Joel Glaze spent 18 years on the Limestone County School board between 1980 and 2000.
When he was first elected there were no school board districts, the five members were elected at-large. It was not until his last term, after the county created a seven-districts board, that Glaze represented a district rather than all the residents in the county.
“I was elected both ways and I can’t see one benefit to having districts,” said Glaze, who is a Limestone County voter registrar. “Voting at-large was the best because every school in the county belonged to every school board member.”
Glaze made the comments while addressing an Elkmont resident’s statement that current voting district lines make it difficult for an Elkmont resident to be elected to the school board.
John Carter had told school board members last week he represented many in Elkmont who would like to see a change in the way the lines for voting districts are drawn.
He said the Elkmont area is essentially split between Districts 4 and 5 because Alabama 127 is used as the basic dividing line. He said that gives the candidates from West Limestone and Ardmore an advantage over a candidate from the Elkmont area.
Glaze said Carter is wrong. He said County Road 55 — or Hays Mill Road/Pettusville Road — divides Districts 4 and 5, not Alabama 127. That puts the city of Elkmont and Elkmont Rural Village, two of the most heavily populated areas, in District 4, which is represented by Darin Russell. Fewer Elkmont area voters reside in District 5, which is currently represented by James Shannon.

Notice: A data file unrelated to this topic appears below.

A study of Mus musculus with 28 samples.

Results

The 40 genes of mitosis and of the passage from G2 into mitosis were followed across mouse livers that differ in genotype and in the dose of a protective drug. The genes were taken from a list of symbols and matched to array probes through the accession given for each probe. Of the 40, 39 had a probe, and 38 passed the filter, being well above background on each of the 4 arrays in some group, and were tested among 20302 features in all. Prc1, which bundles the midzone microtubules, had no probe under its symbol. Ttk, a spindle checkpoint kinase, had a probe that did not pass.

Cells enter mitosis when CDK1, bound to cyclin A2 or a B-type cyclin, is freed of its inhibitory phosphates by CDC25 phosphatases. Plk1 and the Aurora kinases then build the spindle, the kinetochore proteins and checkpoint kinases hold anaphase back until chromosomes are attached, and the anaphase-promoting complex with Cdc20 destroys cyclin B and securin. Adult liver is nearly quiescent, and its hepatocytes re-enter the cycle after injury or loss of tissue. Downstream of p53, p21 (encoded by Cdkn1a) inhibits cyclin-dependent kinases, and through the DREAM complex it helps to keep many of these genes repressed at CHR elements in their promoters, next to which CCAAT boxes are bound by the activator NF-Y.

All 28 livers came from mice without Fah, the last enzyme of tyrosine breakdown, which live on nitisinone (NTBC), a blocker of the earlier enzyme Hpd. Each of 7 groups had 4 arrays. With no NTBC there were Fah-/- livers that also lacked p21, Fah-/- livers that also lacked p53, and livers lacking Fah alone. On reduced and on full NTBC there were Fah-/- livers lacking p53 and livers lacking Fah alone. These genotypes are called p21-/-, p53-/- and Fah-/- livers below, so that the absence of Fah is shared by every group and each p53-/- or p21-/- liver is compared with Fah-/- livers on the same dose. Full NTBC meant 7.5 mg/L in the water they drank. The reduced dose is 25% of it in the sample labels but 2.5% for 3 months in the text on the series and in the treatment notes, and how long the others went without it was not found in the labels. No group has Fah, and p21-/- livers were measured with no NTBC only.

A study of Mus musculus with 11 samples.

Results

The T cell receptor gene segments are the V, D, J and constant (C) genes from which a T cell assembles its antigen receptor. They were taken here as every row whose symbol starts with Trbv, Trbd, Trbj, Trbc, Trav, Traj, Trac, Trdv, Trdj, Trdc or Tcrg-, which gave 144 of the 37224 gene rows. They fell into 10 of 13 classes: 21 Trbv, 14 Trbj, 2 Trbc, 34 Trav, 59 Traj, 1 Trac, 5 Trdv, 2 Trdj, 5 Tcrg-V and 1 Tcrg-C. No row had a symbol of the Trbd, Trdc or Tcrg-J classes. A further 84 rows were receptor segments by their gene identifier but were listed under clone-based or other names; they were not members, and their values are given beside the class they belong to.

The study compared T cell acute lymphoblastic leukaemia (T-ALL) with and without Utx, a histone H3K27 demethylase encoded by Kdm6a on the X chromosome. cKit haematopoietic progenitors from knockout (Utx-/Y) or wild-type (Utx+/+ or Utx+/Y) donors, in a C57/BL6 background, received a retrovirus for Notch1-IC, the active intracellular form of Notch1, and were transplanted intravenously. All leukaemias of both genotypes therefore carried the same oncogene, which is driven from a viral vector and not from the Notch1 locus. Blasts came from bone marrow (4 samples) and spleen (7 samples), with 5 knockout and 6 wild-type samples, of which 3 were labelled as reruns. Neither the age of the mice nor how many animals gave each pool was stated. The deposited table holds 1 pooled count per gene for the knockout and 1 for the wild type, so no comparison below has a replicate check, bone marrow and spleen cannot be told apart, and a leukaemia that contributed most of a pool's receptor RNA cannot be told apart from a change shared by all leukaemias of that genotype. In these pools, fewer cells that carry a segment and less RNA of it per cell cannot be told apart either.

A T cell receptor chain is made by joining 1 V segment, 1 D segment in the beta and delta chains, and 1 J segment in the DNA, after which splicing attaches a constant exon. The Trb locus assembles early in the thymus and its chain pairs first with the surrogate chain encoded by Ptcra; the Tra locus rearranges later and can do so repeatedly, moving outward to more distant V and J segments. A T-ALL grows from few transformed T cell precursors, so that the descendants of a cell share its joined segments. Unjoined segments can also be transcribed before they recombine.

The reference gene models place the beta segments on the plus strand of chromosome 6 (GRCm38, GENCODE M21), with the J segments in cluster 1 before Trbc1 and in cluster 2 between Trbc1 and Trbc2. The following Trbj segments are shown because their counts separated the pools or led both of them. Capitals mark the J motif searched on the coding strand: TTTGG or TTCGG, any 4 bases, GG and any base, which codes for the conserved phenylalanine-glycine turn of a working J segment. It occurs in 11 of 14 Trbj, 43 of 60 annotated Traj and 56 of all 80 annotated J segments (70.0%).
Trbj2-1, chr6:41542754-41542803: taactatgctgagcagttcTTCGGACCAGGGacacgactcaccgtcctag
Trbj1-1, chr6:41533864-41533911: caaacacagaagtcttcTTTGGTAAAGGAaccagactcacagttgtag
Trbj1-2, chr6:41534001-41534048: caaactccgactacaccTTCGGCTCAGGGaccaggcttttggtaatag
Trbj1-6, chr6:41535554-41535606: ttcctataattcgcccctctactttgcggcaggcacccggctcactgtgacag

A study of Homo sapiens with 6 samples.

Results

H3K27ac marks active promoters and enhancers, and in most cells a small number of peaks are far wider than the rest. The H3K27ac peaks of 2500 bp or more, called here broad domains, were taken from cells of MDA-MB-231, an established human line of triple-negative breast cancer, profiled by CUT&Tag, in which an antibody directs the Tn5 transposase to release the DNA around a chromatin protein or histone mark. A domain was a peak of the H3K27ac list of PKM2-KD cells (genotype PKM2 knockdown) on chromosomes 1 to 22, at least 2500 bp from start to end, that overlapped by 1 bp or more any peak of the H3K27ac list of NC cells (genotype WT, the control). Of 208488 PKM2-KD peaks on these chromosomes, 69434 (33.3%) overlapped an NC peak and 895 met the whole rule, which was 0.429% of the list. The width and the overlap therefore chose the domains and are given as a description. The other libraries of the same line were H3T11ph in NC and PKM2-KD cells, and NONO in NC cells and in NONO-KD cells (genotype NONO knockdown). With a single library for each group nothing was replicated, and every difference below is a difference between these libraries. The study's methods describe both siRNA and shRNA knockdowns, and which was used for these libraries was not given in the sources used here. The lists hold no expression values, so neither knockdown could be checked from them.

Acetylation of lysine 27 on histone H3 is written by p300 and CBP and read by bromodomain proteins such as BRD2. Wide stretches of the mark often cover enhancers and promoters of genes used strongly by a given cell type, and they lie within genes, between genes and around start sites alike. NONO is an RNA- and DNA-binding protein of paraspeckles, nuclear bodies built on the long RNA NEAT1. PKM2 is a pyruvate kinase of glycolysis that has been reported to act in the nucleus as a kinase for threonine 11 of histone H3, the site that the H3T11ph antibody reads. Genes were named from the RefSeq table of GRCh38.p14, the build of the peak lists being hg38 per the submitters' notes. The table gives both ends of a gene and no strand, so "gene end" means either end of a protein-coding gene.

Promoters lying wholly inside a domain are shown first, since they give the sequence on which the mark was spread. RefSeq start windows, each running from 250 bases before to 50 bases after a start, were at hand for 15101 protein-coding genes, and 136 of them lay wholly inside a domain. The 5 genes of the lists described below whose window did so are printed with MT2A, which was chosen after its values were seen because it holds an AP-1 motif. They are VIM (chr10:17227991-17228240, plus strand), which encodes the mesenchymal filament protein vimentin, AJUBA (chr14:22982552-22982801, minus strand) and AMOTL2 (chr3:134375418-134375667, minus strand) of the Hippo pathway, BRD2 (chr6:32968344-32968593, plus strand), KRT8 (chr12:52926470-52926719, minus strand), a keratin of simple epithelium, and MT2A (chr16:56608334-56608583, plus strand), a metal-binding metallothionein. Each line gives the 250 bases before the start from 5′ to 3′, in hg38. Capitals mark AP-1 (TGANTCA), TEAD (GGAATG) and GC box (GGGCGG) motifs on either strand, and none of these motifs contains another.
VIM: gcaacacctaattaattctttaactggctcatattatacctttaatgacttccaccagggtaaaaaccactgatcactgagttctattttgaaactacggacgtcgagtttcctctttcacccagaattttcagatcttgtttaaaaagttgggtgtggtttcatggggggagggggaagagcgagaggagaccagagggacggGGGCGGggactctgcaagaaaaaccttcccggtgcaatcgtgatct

Carter suggested redrawing the voting district lines to mirror the existing school district lines. Board members may look at doing that when they redraw the voting district lines this month. By law, city and county schools and governments must redraw voting district lines every 10 years following the census in order to ensure there are roughly the same number of residents in each district, within a margin of 5 percent. Limestone County school board members have tentatively agreed to hire a demographer to help them.
Return to old
Glaze said he would like to see the county school system return to a five-member school board in which each member was elected countywide rather than by district.
One problem with the current seven-district board, he said, is that board members become too territorial. Another problem is that one school board district — District 1 in the north end of the county — doesn’t even have a school.
Among the advantages of a countywide school board is that it would allow anyone the opportunity to run for school board at any time, he said.
“They wouldn’t have to wait for their turn — for the term of the board member in their district to end,” Glaze said.
Currently, board members serve staggered, six-year terms, so a new candidate would have to wait until a board member’s term expired to run. With at-large voting, a candidate could run whenever a seat on the board was open, which would occur every two years.
Glaze also believes a five-member, at-large board could accomplish more.
“It would be better at doing the business of educating our children,” he said. “Board members would not be worried about ‘my district.’”
He said five members could accomplish more than seven.
“Those two board members make a lot of difference,” he said.
If a board member or residents are interested in changing the board, Glaze said one board member could consult with a member of the local legislative delegation and get the proposal placed on an upcoming election ballot and let voters decide.
Source: Athens News Courier; Jean Cole
Hill Spirit's opinion is that population has shifted since Joel Glaze's time on the school board. An elected at-large school board could easily be dominated by the East Limestone area. A better solution would be for each high school to have an elected representative from it's district boundaries. That representative would speak for the high school and it's feeder schools.